We had a wonderful Palm Sunday service, and the sermon was on a text that I don’t think I’ve ever noticed before, Deuteronomy 32:36-39. Moses says that “When he sees that their power is gone,” that is the time when “the Lord will vindicate his people and have compassion on his servants.” When their power is gone! What a passage for Law & Gospel and the Theology of the Cross vs. the Theology of Glory!
Postmodernists reduce everything–culture, law, government, morality, religion–to power. One group is exercising power over someone else, and all of the veneer of civilization is just a mask to hide that fact. So goes postmodernist cynicism. (Notice how we Christians play into that mindset and confirm it when we create the impression that what we seek is political power.)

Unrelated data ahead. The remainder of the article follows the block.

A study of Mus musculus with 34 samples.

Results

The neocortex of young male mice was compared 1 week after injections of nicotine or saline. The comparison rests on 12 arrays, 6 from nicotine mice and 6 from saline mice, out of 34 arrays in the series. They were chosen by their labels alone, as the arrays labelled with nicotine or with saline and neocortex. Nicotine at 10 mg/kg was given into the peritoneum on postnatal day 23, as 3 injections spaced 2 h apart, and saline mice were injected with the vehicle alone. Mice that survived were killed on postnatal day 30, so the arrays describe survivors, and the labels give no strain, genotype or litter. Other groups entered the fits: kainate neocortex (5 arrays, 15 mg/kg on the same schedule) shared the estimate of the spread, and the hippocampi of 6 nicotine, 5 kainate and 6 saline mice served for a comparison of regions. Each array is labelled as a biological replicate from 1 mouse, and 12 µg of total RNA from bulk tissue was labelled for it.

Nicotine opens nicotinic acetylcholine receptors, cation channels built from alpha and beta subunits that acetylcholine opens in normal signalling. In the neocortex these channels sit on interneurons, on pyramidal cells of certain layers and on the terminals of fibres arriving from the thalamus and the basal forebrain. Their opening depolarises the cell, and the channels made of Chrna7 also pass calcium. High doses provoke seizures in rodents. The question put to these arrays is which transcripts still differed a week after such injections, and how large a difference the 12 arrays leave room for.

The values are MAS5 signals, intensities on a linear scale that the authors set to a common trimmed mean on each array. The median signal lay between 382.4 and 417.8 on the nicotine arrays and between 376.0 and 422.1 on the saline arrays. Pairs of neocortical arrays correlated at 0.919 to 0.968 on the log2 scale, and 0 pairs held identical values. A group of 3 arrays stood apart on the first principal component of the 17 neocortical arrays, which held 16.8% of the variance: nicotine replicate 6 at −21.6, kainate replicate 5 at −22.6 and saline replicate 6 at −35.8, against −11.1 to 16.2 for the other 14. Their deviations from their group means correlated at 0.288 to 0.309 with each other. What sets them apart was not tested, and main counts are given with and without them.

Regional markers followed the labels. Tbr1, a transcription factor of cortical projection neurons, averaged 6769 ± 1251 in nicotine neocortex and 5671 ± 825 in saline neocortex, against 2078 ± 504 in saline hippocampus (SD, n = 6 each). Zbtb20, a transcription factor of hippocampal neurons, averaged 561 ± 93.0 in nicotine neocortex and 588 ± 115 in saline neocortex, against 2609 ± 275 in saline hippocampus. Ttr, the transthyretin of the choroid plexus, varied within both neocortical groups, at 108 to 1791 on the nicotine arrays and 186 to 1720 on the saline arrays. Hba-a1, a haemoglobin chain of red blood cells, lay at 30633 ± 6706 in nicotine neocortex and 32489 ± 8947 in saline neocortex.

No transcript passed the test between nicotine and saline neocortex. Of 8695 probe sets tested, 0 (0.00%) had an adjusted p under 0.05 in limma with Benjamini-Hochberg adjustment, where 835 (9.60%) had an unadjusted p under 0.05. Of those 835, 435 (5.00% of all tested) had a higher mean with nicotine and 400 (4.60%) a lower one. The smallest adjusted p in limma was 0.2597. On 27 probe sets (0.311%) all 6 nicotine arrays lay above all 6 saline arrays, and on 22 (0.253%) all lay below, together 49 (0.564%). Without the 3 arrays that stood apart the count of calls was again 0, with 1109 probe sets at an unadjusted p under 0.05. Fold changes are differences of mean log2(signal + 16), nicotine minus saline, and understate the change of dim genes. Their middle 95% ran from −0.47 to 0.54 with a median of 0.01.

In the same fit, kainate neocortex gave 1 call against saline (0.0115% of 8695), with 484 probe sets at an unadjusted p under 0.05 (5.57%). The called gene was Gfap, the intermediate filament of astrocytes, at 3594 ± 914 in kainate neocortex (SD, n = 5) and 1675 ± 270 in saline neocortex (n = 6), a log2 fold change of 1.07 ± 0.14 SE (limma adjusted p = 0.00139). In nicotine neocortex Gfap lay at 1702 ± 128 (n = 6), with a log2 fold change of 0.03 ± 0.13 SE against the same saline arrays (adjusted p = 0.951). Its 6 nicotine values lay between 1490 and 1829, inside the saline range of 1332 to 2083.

One line of apologetics to the postmodernists is to say that, yes, that does explain a lot. But there is one counter-example. One religion that is all about not power but the abdegnation of power. God who emptied Himself of power: Jesus on the Cross.
And this text reminds me that Christians too meet Jesus when our “power is gone,” when we admit that we are broken sinners, that we are powerless. And that’s when the very different power from what postmodernists cynics bemoan manifests itself. Not an oppressive power but a liberating power. A saving power that raised Jesus from the dead and that in compassion will “vindicate” us too, raising us from every kind of death.
Pastor Douthwaite did a lot with this text. Read the whole via sermon, which includes the quotation I gave above. I remain haunted by this:
Besides, no matter how powerless you are, no matter how low, no matter how tired and weak and piled upon, you will never be at the bottom of the pecking order.
That spot is reserved for one person: Jesus.